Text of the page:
One cell of a challenge
HOUGHTON – The best biology students and teachers from around the Upper Peninsula congregated Wednesday at Michigan Technological University for the 24th annual Department of Biological Sciences Bioathlon.
The day-long competition pitted 16 teams of four students against each other to tackle the same biology problems in dissection, molecular biology, field identification and medical laboratory science.
“Our real goal is to try to emphasize the importance of biological sciences, but anything we can do to support science in general, as well as give them a positive experience about the college,” said Jeff Lewin, coordinator of the bioathlon. “… We want the best schools to stand out.”
While none of the students involved were allowed to have formal class work in biology beyond a traditional sophomore general biology course, it was clear from the winning teams that informal training was just as important.
Students from A.D. Johnston High School in Bessemer won the competition, even after leaving before 6 a.m. Wednesday morning to make it for the 9 a.m. to 4:30 p.m. event.
“It helped being in the fresh air right away,” said team member Zack Mazurek, who said the team tackled the field identification challenge first near the Michigan Tech Trails.
After that hour-long challenge, the team headed to the Mechanical Engineering-Engineering Mechanics building for its next two challenges, dissecting and labeling parts of a turtle, and then identifying parasites under a microscope. They wrapped up the day with a microbiology challenge in the Dow Environmental Sciences and Engineering building, which is also where the awards presentation was held.
“It’s tiring, but really good,” said team member Valerie Rowe, whose father David Rowe was coaching Bessemer’s team for the 20th time. “I thought it’d be harder. I came in thinking we might not win, but just try our best. It went really well.”
Jess Mazzon and Molly Wieringa were also on the winning team.
David Rowe said by virtue of participating in the competition, his students don’t have to take the final exam for his biology class, but he does expect them to attend multiple practices, using a three-ring binder full of content to study.
The system works, as evidenced by Bessemer’s fourth victory and seventh placement in the top three under Rowe’s guidance.
“It’s just an outstanding day. It’s a great competition and we love coming here,” David Rowe said. “It’s one of my favorite days of the year.”
Kris Raisanen Schourek, coach of Hancock’s second-place team, shared those sentiments, but it was a bitter-sweet feeling for her, having coached in all 24 bioathlons, with Wednesday being her last. After this school year, she will be retiring after 40 years of teaching.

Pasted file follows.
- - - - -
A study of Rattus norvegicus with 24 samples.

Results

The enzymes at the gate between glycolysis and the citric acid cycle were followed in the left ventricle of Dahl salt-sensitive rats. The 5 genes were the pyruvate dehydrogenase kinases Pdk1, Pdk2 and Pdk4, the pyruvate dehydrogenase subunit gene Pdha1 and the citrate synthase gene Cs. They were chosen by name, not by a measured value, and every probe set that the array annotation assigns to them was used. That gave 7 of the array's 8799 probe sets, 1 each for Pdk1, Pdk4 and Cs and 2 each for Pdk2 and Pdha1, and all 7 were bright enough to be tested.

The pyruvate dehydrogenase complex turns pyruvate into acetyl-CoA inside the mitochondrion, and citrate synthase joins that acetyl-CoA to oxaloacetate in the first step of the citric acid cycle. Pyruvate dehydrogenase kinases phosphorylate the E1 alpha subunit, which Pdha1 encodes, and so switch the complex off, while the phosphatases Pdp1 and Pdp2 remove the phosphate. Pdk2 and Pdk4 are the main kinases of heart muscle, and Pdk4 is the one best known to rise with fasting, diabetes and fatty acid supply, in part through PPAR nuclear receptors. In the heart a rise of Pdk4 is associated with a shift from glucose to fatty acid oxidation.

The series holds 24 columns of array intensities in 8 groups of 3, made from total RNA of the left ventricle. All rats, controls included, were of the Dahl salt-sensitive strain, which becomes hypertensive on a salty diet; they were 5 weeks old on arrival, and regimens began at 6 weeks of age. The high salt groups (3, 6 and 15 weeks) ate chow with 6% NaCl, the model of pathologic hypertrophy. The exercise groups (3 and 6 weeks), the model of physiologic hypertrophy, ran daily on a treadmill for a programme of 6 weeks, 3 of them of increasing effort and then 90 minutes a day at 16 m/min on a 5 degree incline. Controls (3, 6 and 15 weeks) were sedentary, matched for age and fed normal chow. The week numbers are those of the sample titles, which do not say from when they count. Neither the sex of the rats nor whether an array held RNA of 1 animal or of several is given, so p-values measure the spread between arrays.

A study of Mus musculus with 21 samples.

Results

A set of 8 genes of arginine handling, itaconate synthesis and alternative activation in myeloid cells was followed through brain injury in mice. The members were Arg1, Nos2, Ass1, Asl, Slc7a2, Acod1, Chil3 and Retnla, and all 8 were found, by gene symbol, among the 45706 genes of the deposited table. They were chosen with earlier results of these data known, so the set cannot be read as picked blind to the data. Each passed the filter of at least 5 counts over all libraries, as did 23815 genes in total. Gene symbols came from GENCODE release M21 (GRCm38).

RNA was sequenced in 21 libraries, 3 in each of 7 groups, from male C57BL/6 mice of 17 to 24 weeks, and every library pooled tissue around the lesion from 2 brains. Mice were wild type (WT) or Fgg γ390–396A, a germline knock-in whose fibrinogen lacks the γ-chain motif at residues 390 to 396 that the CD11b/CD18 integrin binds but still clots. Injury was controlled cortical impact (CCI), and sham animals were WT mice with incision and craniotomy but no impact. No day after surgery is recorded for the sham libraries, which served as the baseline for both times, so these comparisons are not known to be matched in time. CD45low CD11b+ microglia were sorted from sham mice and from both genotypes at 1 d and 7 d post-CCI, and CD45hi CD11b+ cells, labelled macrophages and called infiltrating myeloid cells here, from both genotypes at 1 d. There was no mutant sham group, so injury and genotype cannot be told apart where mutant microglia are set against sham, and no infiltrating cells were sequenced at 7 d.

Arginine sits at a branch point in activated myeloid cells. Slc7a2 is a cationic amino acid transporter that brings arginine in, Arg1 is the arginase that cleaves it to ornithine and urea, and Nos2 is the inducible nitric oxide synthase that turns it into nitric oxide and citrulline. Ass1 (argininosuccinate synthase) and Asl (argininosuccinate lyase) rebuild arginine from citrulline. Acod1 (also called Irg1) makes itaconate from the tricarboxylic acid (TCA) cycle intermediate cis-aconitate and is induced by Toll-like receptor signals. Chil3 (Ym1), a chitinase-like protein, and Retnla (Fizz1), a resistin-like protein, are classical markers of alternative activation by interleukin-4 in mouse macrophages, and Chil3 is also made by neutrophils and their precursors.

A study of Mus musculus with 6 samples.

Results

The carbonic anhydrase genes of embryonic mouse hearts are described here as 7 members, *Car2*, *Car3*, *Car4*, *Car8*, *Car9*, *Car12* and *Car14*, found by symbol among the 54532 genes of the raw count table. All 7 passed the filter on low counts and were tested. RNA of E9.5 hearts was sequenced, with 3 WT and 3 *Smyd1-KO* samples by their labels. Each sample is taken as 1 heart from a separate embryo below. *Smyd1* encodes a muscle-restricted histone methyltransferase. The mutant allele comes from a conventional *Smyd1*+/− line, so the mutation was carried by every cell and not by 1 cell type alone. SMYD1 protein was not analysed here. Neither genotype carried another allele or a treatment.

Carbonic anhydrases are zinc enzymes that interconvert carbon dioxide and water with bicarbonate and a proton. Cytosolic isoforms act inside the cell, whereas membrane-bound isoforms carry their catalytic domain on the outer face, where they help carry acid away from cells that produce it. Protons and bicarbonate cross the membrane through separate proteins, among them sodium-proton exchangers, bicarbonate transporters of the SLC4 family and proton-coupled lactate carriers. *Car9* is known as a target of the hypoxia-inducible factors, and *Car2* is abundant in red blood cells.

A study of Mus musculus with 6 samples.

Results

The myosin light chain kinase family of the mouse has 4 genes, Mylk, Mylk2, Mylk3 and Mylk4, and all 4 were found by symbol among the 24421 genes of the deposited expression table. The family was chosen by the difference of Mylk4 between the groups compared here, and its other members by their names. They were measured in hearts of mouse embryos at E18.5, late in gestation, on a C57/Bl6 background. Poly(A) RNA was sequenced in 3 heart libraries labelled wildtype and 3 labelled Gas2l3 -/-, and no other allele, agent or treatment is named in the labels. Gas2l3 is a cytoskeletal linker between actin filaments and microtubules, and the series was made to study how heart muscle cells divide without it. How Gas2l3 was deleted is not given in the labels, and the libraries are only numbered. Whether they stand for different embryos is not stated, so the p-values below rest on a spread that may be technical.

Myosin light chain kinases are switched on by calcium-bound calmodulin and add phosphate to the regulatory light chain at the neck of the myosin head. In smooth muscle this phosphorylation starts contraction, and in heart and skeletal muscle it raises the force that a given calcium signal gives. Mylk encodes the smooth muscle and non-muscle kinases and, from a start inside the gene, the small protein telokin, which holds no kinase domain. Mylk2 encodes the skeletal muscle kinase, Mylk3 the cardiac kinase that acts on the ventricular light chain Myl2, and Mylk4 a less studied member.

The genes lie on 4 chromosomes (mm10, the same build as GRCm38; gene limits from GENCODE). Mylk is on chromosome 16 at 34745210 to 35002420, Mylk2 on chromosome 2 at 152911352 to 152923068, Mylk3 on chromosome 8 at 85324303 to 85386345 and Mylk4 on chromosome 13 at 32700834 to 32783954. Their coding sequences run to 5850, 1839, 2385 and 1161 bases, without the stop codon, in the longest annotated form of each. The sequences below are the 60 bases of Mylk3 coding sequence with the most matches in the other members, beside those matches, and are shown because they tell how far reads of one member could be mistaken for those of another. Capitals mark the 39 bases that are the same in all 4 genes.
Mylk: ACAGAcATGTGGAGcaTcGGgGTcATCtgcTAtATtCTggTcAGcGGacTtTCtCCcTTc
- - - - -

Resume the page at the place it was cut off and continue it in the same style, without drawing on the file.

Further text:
“I’m going to miss it,” she said. “It feels strange because I love teaching, I’m having a wonderful year, I’ve got great students, they’ve worked hard. … We’ve placed first or second five years in a row now, so the kids take it very seriously.”
Andrew Bess, Kaylor Holmstrom, Matt Sanregret and Aspen Stroud were on the second-place team, and they got there by writing essays, which were reviewed and ranked by last year’s bioathlon team members. Schourek just tallied the rankings and picked the four best. The students practice regularly, during lunch or after school.
“The bioathlon experience has several times made a difference for students,” said Schourek, who is the science department chair at Hancock High School, and also an art teacher. “It’s maybe made them a little more interested in biological sciences. … The very first bioathlon, two of the people on that team decided to sign up for Advanced Placement Biology and be lab partners with each other. One of them is now a research scientist. It’s really made a difference for kids.”
The day also has an impact on the teachers, and while Wednesday’s competition was in full swing, teachers from the district took part in an interactive workshop taught by Stacy Cotey, academic advisor of Biological Sciences, called “What’s Up with the Weather? Climate Change and Aquatic Life in the Great Lakes.”
It featured a tour of Tech’s Great Lakes Research Center in the morning, and discussion of possible classroom activities for classrooms exploring the effects of changing climate on aquatic organisms in the afternoon.
“The biology teachers, this is our favorite day of the year,” Schourek said. “It is a wonderful opportunity just for us to network with each other. … Several of my colleagues here (like Rowe) said it’s the day we look forward to.”
Houghton High School’s team, coached by Alex Gerborkoff, finished third. Team members were Brittany Coombs, Kyra Neufeld, Julia Menzel-Smith and Isaac Stone.
Each member of the first-, second- and third-place teams received a small cash award, along with a plaque. Each student participating in the competition received a certificate of participation and a bioathlon T-shirt.
Other schools participating were from Baraga, Calumet, Chassell, Dollar Bay, Ironwood, Jeffers, Lake Linden-Hubbell, L’Anse, Marquette, Negaunee, Wakefield-Marenisco, Watersmeet and West Iron County.
The 16 teams rotated between the four problems, with four working on any one problem at a time. Each problem accounted for a score of 100 points, with a 400-point competition maximum.
It takes about 20 to 30 people, according to Lewin, to put on the competition.
“We’re really proud of this competition,” he said. “Next year will be our 25th anniversary, and I expect it to continue on.”